Great Steppe’s Gold exhibition shows highest level of Kazakhstan culture: member of Russian Academy of Sciences
MOSCOW. KAZINFORM - "Gold of the Great Steppe" historical exhibition is now open at the State Central Museum of Contemporary History of Russia, Kazinform correspondent reports.
It is organized by the Administration of East Kazakhstan region and the East Kazakhstan Regional Local History Museum in cooperation with the Embassy of Kazakhstan in Russia
The central feature is reconstructed exhibits of the Golden Man of the Shilikti burial mound. Besides, the exhibition showcases artifacts of the 1st millennium BC found during archaeological excavations of the Berel burial mounds in East Kazakhstan. There are also reconstructed horse and caparison, numerous decorations, swords and daggers, busts of ancient people and tools.
Opening the exhibition, Ambassador Extraordinary and Plenipotentiary of the Republic of Kazakhstan to the Russian Federation Imangali Tasmagambetov noted that the exhibition reflects the richest historical and cultural layer which had been formed in Kazakhstan over thousands of years.
"It is of global archaeological and cultural value. The exhibition is dedicated to artifacts found in the Berel burial mounds located near the spurs of the Altai Mountains in East Kazakhstan region," the head of the diplomatic mission emphasized.
The diplomat recalled the words of the Head of State, Nursultan Nazarbayev, in "Seven Facets of the Great Steppe" Article that "Altai is of great importance for the history of the Kazakhs and other peoples of Eurasia. (...) It was here, in the middle of the 1st millennium, where the Turkic world was born, and a new milestone was reached in the Great Steppe."
Director of the Department of Museums of the Russian Ministry of Culture Vladislav Kononov read out a greeting from Minister Vladimir Medinsky. He expressed confidence that the exhibition will not only be popular among professional historians and researchers but will also serve as a visual encyclopedia for young visitors - schoolchildren and students, will tell them about the processes that took place in Eurasia more than 2.5 thousand years ago.
Irina Velikanova, Head of the State Central Museum of Contemporary History of Russia, drew attention to the fact that it is in the year marking the 100th Anniversary of Russian academic archeology when the museum became a platform for such a large-scale exhibition, which for the first time showcases unique artifacts of the Great Steppe's material culture for the Russian public. "This demonstrates the level of the development of Kazakhstan's contemporary archeology," she said.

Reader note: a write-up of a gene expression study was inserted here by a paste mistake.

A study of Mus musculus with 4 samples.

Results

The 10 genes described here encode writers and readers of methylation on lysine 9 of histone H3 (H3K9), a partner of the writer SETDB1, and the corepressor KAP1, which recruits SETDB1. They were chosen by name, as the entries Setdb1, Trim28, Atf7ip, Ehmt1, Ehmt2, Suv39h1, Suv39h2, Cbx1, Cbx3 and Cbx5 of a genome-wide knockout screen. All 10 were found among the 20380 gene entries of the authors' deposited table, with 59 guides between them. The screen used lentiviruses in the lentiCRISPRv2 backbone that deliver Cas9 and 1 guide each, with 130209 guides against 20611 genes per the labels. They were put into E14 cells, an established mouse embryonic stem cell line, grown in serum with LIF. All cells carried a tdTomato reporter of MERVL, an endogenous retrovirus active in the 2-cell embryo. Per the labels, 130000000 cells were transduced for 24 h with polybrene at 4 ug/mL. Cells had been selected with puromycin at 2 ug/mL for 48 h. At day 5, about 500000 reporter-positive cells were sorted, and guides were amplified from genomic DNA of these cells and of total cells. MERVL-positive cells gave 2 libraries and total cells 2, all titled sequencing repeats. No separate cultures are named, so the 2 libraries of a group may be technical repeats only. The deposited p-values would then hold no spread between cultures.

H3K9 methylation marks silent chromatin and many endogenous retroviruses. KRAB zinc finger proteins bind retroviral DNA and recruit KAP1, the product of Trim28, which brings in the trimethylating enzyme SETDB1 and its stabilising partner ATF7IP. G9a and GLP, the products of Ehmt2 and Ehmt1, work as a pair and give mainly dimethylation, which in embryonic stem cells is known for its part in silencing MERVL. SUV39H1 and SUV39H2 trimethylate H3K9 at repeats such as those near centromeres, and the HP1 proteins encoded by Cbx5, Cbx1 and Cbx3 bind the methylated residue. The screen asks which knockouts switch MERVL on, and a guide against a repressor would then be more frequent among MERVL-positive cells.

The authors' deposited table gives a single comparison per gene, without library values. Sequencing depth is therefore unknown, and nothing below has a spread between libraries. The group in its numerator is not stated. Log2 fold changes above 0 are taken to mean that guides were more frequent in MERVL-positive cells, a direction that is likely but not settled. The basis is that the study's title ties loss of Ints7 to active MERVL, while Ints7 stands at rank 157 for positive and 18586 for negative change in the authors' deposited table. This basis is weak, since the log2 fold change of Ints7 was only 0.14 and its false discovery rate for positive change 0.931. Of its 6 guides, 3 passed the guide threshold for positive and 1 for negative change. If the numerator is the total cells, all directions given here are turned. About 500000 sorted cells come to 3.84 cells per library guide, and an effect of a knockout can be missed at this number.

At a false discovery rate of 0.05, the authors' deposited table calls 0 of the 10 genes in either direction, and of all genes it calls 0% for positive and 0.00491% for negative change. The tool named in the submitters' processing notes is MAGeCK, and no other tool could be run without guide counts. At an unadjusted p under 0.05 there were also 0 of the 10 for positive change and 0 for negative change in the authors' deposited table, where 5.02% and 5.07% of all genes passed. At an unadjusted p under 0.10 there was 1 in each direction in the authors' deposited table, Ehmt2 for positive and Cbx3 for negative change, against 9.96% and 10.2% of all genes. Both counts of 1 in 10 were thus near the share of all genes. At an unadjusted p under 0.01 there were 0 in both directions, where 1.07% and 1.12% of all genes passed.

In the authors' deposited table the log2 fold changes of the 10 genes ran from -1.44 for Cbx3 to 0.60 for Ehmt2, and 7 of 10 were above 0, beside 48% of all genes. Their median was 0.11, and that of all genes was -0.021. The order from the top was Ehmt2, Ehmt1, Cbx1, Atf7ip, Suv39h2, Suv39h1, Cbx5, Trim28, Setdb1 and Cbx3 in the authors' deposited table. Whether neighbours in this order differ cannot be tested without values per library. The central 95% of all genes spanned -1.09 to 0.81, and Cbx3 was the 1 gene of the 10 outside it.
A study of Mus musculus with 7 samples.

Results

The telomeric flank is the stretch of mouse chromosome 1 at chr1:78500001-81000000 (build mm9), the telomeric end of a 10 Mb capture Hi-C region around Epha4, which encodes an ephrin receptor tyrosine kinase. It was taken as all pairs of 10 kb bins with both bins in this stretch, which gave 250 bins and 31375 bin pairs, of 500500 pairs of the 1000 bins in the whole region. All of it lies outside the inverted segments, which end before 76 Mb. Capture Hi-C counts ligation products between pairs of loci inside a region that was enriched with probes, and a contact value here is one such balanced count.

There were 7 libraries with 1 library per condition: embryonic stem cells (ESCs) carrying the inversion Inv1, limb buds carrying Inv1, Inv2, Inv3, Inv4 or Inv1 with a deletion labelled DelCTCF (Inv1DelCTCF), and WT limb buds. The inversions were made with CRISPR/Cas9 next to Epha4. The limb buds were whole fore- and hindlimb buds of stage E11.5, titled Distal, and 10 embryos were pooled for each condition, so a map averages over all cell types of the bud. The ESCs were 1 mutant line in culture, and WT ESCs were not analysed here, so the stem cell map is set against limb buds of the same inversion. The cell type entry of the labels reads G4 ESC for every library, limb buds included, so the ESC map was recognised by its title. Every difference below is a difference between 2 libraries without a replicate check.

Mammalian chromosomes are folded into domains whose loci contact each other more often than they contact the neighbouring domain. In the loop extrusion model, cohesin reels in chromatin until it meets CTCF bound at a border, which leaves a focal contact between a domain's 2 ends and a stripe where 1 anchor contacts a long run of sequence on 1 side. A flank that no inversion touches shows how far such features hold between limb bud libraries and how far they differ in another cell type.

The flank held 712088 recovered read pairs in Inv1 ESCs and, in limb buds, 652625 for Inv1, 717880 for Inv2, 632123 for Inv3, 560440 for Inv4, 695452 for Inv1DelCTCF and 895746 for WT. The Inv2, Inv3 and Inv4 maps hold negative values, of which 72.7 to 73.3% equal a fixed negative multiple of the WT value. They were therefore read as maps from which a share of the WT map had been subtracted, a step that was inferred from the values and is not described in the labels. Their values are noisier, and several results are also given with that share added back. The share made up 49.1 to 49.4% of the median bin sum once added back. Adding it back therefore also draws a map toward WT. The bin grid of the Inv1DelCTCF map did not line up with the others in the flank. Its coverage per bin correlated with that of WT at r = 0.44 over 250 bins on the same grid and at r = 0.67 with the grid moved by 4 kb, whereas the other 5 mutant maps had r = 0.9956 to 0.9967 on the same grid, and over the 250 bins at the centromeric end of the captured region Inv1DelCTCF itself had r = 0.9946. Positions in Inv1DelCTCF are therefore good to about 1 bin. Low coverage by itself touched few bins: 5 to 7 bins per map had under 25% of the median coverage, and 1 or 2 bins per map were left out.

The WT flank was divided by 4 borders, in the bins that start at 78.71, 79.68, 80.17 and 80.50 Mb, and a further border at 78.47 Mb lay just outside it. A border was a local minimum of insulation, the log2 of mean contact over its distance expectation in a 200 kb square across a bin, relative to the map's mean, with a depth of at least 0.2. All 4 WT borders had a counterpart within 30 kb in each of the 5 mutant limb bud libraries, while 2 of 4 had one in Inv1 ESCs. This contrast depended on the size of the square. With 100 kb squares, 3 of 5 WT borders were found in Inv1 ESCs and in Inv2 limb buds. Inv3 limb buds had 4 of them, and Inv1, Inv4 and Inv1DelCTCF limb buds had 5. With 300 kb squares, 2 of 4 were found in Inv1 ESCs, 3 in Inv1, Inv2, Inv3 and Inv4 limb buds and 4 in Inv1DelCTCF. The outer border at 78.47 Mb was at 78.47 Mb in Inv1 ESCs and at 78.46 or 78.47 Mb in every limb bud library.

During the exhibition, Kazakh archeologists Zeinolla Samashev and Abdesh Toleubayev told that the found Golden Man was a high-status man, who was about 17-18 years old. The artifacts that date back to the 8th-7th centuries BC also include a golden quiver, a dagger, a torque made of gold. The shoes of the Golden Man were trimmed with small golden beads.
"The peculiarity of the golden items found in the Shilikti burial mound is that they were made by the casting method typical for the early Scythian and early Saka period. The gold jewelries are of high fineness (930-970) and were made by the micro soldering method. High technologies were needed for soldering: soldering irons as small as a needle which were capable of heating up to 1100 degrees Celsius. This proves that there was high development of metallurgy in ancient Kazakhstan," Toleubayev told about the features of the finds.
The exposition was highly appreciated by high-profile scientists and guests. Visitors were able to touch the historical past of Eurasia, discover the centuries-old secrets, and feel the powerful energy emanating from the truly sacred sites of East Kazakhstan.
President of the Faculty of History of Moscow State University, Member of the Russian Academy of Sciences Sergey Karpov said that the exhibition is remarkable and thanked the Kazakh colleagues. "The exhibition gives an idea of the very profound and serious traditions of the cultural development of the entire region of East Kazakhstan. The found genuine treasures, very early artifacts show the highest level of culture. It is necessary to get familiar with them, it is necessary to know them," the scientist pointed out.